Bird hunter or Lime juicer

Living in Denver for the last 11 years and Boulder before that, Michael Schultz and his girlfriend Mia know the Coloradans have a reputation for enjoying all-season outdoor activities. If anything, the cold's has been good for Schultz's side hustle as a "Bird hunter" or "Lime juicer," as the gig economy chargers for the two biggest scooter companies are called. "The competition has thinned out a lot because a lot of the chargers are fair-weather chargers," says Schultz. "It's actually making it easier for me."

Scooter operators such as Lime, Bird, Skip, Spin, Lyft, and Jump all have plans to continue to deploy scooters where they can, weather-permitting. The companies all have plans to monitor for cold temperatures, icy conditions, and snowfall, to pause service or remove scooters from the roads. It's all a little vague, with promises to assess each day on a case-by-case basis, with local teams responding to the weather accordingly.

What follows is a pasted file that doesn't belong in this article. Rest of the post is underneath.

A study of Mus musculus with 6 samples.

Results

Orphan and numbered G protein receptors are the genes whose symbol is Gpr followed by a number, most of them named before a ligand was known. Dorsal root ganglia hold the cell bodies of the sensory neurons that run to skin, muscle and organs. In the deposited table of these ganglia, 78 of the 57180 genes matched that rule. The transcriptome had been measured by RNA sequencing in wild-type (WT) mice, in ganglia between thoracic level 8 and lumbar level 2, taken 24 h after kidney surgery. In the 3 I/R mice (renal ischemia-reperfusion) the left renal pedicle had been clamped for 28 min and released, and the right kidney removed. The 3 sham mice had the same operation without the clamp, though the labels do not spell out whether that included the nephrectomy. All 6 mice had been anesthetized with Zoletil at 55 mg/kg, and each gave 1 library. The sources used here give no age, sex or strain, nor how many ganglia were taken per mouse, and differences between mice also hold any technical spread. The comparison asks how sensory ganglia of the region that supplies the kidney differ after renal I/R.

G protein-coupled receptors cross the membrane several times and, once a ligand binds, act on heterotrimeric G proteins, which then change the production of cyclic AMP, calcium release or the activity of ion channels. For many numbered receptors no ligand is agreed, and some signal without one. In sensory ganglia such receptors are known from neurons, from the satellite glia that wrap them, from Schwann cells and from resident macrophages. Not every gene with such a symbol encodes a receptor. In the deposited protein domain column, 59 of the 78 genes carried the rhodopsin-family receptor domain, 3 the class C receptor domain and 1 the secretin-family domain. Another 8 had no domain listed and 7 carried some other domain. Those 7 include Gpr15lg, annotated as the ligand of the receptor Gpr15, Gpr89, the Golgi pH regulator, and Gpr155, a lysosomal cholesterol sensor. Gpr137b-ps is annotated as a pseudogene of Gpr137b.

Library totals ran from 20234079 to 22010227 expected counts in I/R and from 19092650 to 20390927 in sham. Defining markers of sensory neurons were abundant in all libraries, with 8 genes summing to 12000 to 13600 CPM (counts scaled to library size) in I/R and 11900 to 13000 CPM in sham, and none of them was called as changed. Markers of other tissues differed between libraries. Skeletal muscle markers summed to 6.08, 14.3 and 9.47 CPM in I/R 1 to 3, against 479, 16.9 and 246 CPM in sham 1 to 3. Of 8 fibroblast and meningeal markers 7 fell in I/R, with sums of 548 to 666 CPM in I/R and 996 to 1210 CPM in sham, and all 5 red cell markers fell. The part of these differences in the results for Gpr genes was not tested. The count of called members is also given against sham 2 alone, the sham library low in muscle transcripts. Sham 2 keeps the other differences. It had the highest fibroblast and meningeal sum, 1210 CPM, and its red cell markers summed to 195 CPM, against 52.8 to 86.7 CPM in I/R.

As wintertime bike commuters know, this season provides formidable challenges for two-wheeled travelers; unplowed bike lanes and roads, early darkness, and beard-shattering cold all provide compelling reasons to choose heated, enclosed alternatives.

That's a shame, if you consider that one the main goals of scooters is that they are better for cities and the environment than cars. (And gas-powered cars get worse fuel economy in the winter.) As Eric Jaffe noted on CityLab back in 2016, cycling mode shares typically experience shrinkage in the cold. But we're also seeing some signs that bike sharing has begun to turn that around: Motivate, which operates Citi Bike in New York, reports that it is seeing higher ridership in New York each winter.